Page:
Man gets 2.5 years in prison for attack on US airman


Rodrigo Gomez, 44, was convicted of attempted voluntary manslaughter, assault and other charges in April. U.S. District Judge James Moody Jr. sentenced him in Little Rock on Wednesday to federal prison.

“You’re lucky you’re not facing life for killing someone on an air base,” Moody told Gomez.

Prosecutors said Gomez was drunk when the fight unfolded on Dec. 31 2016, at a bar on the Misawa base. Gomez and his son, Miguel Gomez, attacked Souleyman Dia. The son held Dia in a leg lock and Gomez repeatedly punched the airman in the face and stomped on his head.

Moody sentenced Miguel Gomez, 21, to four years of probation for his guilty plea to an assault charge.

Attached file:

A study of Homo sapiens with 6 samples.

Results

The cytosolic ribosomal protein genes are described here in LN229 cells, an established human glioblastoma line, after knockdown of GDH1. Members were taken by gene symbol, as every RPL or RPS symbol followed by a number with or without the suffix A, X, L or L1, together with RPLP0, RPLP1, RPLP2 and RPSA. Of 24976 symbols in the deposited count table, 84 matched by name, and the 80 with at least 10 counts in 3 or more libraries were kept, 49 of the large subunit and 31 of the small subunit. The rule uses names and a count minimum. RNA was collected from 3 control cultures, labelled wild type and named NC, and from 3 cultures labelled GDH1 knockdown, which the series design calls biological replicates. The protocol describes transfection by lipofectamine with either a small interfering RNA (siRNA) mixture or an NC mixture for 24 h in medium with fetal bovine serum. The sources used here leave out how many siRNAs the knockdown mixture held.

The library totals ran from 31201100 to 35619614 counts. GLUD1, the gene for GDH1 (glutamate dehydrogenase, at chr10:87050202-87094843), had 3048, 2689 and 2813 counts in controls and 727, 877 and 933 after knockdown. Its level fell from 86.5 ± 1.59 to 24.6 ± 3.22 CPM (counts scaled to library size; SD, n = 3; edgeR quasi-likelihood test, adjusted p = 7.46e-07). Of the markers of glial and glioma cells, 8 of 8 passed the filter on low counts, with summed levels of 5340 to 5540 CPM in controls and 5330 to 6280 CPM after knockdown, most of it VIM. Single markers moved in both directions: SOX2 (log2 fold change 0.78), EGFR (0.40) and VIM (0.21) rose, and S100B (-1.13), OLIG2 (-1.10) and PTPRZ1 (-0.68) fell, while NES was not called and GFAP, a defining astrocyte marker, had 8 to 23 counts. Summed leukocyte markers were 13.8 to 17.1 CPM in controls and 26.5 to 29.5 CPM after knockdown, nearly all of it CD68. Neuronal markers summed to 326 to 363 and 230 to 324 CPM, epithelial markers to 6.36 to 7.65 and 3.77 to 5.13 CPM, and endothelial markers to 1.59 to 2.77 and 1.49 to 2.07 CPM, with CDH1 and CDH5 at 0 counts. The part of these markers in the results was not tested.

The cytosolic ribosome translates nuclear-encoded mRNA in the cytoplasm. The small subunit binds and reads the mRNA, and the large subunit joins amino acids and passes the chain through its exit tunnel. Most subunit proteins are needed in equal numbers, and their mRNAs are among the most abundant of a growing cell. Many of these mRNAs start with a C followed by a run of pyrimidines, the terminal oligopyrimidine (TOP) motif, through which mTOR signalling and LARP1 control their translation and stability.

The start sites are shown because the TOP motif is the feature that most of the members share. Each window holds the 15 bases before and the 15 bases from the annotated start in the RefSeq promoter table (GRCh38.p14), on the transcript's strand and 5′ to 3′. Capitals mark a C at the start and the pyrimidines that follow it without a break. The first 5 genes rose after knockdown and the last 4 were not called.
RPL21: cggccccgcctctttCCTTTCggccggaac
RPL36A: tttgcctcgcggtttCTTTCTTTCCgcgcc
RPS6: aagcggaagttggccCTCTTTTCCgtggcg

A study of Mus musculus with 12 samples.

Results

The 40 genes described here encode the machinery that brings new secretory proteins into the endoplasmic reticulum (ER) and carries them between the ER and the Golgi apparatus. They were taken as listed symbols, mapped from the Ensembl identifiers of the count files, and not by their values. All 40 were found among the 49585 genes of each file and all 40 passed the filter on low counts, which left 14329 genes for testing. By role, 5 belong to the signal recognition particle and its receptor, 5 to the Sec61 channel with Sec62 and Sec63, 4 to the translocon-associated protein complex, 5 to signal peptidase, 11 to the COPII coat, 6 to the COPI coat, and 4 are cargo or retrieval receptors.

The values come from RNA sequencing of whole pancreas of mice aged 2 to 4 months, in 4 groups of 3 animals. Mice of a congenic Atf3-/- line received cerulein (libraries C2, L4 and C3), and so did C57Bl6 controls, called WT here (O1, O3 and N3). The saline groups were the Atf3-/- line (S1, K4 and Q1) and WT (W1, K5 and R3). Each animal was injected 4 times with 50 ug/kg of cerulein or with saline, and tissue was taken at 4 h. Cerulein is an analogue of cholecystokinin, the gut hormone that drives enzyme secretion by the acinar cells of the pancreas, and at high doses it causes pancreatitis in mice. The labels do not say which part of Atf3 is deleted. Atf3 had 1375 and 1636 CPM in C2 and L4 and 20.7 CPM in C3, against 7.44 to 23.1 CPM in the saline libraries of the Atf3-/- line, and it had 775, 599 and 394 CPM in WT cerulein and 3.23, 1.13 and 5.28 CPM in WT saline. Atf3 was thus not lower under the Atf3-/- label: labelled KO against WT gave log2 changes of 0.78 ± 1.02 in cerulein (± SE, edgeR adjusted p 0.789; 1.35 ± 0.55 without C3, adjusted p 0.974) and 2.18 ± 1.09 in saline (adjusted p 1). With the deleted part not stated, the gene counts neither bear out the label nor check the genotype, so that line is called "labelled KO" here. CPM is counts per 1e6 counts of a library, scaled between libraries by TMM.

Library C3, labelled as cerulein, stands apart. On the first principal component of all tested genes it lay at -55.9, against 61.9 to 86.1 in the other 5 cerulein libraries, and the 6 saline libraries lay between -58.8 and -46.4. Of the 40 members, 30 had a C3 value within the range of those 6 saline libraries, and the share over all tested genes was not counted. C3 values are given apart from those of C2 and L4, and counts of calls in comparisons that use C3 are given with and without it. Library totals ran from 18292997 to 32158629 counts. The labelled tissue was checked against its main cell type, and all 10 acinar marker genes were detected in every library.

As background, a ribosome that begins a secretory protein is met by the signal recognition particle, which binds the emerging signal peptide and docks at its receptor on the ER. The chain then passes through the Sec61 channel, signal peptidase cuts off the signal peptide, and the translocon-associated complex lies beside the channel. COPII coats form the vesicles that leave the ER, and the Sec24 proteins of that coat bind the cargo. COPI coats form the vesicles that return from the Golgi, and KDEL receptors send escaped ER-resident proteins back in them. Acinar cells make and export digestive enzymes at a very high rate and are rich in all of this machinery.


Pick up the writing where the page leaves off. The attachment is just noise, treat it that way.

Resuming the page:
In a victim impact statement, Dia said he suffered traumatic brain injury as a result of the attack, which also left him with migraines, memory loss, confusion and cognitive issues that have cost him his job, the Arkansas Democrat-Gazette reported.

Gomez’s attorney argued for a probationary sentence and said his behavior was triggered by seeing the group of airmen because he had recently seen another airman who was convicted of sending inappropriate images to one of his daughters. She also said Gomez was diagnosed with post-traumatic stress disorder after being robbed at gunpoint in Little Rock.

“I am so sorry for what happened to Dia, to the other airmen and most of all, to my family,” Gomez said. “I know we’re here because of me. … Whatever the punishment, I will accept anything, sir, because it was my action that caused everything.”

Gomez is married to an Air Force major, and the couple was previously based at the Little Rock Air Force Base in Jacksonville, Arkansas. He has since lived in Colorado with his wife and four children.

Moody ordered Gomez to participate in anger management counseling while in prison.

“I don’t think drinking is your problem. I think anger is,” he noted.